We all know the Zoom facefilter get-togethers which usually end up in a franctic show-off of individuals doing improvised searches in the Snap Camera filters.
But being together and all activating one specific interactive effect, that leads to a different kind of collective experience. On this page I'm listing the effects I'm creating for this kind of setting.
Mist - feb 2021
This effect turns the session into a lively guessing game. Every minute there's a new algorithm to trigger with your movements. Can you discover what makes you (dis)appear?
What happens when all participants in a Zoom session activate the same filter-effect? Which characteristics of an effect are an added value? And when is it relevant to be collectively using the effect with a group, instead of experiencing an effect individually? The past few weeks I've been exploring these questions by creating multi-user interactive filter-effects and testing these with small groups of people.
This one was a success! It's an interactive filter-effect that has an algorithm that changes each minute. Participants had to find out what movement or action was making them (dis)appear. They did so by trying out various movements (great way of exercising during a long day of Zoom meetings!) And sometimes they accidentally found their way to become visible. For example when they were all hidden, but started to chatter about their attempts to become visible during the minute when 'speaking' was the trigger to appear (And that reversed during the next minute: by speaking you would become invisible. But then the participants were better prepared, having new knowledge that voice was one of the possible triggers/activities the algorithm was reacting upon)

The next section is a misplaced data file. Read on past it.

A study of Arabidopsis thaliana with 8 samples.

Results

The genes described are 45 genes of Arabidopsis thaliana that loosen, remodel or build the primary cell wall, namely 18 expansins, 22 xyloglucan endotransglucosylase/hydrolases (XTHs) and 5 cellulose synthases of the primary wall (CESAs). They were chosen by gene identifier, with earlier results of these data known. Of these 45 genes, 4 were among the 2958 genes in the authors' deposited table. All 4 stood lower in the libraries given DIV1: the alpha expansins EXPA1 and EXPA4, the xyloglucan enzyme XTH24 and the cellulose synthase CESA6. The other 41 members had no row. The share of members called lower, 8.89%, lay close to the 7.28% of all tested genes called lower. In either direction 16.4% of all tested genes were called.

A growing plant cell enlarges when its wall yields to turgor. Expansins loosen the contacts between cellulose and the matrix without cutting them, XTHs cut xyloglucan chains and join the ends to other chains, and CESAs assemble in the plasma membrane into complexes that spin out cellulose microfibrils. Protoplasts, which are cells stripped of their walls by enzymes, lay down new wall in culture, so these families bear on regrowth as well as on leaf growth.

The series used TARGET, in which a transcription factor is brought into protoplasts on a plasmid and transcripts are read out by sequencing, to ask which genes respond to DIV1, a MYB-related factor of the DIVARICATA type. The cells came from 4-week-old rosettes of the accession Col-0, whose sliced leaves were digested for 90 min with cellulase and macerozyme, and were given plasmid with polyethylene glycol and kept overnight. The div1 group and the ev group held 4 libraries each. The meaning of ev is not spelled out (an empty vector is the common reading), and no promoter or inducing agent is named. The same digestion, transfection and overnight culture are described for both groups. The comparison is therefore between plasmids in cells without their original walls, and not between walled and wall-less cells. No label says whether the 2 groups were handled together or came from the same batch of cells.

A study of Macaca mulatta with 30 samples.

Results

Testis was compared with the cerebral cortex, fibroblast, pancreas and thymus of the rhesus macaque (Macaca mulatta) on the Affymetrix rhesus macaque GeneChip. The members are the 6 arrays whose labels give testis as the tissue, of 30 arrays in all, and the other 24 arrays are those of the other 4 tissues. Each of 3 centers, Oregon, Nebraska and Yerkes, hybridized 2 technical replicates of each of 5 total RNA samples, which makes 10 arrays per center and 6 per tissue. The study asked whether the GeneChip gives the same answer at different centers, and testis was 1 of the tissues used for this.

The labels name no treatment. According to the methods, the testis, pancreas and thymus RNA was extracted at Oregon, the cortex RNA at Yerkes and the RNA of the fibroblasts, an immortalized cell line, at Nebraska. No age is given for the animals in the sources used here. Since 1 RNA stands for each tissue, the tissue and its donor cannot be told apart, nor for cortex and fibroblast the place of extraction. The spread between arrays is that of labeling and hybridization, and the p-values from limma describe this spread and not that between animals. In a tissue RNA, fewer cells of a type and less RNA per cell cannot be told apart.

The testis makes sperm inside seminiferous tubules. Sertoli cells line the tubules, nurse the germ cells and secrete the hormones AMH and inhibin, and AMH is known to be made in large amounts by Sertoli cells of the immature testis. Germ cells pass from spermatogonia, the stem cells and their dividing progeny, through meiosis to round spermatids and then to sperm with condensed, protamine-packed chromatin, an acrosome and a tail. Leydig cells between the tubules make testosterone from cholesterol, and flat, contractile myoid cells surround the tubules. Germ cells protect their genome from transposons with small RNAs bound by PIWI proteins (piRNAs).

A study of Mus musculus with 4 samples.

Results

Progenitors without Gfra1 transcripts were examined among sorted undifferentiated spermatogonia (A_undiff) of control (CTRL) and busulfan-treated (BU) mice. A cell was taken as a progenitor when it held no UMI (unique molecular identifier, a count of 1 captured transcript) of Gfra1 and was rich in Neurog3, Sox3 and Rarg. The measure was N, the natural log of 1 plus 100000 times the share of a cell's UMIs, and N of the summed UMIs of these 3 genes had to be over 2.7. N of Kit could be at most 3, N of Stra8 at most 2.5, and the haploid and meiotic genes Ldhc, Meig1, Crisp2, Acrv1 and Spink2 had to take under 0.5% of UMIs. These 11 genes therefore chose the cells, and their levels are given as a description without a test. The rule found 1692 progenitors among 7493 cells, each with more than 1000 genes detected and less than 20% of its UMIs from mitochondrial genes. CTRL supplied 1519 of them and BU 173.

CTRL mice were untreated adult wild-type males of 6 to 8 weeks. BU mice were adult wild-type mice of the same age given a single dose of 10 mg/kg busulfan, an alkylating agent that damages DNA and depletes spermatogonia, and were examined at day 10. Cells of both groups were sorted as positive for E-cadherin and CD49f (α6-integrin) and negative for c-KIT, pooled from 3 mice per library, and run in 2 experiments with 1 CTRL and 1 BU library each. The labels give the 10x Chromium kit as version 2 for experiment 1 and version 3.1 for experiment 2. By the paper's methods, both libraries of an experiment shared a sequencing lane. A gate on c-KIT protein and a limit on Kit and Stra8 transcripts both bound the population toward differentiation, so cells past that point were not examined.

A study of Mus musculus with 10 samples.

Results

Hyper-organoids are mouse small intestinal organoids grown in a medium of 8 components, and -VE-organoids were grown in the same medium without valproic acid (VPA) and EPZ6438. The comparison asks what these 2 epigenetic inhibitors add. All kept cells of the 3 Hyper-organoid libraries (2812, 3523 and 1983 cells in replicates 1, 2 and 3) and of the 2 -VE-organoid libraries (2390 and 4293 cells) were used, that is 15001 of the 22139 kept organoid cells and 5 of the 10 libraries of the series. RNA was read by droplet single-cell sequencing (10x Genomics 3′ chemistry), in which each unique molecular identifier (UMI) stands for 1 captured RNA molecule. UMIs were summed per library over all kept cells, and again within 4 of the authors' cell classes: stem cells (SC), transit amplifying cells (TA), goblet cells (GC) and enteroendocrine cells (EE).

"Waiting for Godot" - jan 2021
Multi-user experience for Zoom. Sit on the left to act as Vladimir, sit on the right to be Estragon. Read your autocue text when it appears.
The participants in the Zoom-session below are wearing a virtual outfit. A custom facefilter-script causes their outfit to change color at regular intervals, in a synchronised way.
Unfortunately @TheSnapCamera facefilters cannot (yet) connect to external sources for data exchange. But synchronisation of #AR outfits based on the systemclock works well! (Except when someone is logging into #Zoom from another continent...) pic.twitter.com/BG8jpk2b12
Want to try this synchronised outfit with colleagues in you next Zoom-session? Install the
"Snap Camera" program,
and copy/paste the link below into the 'search' field. Then set 'Snap camera' as
videosource in your videoconferencing software.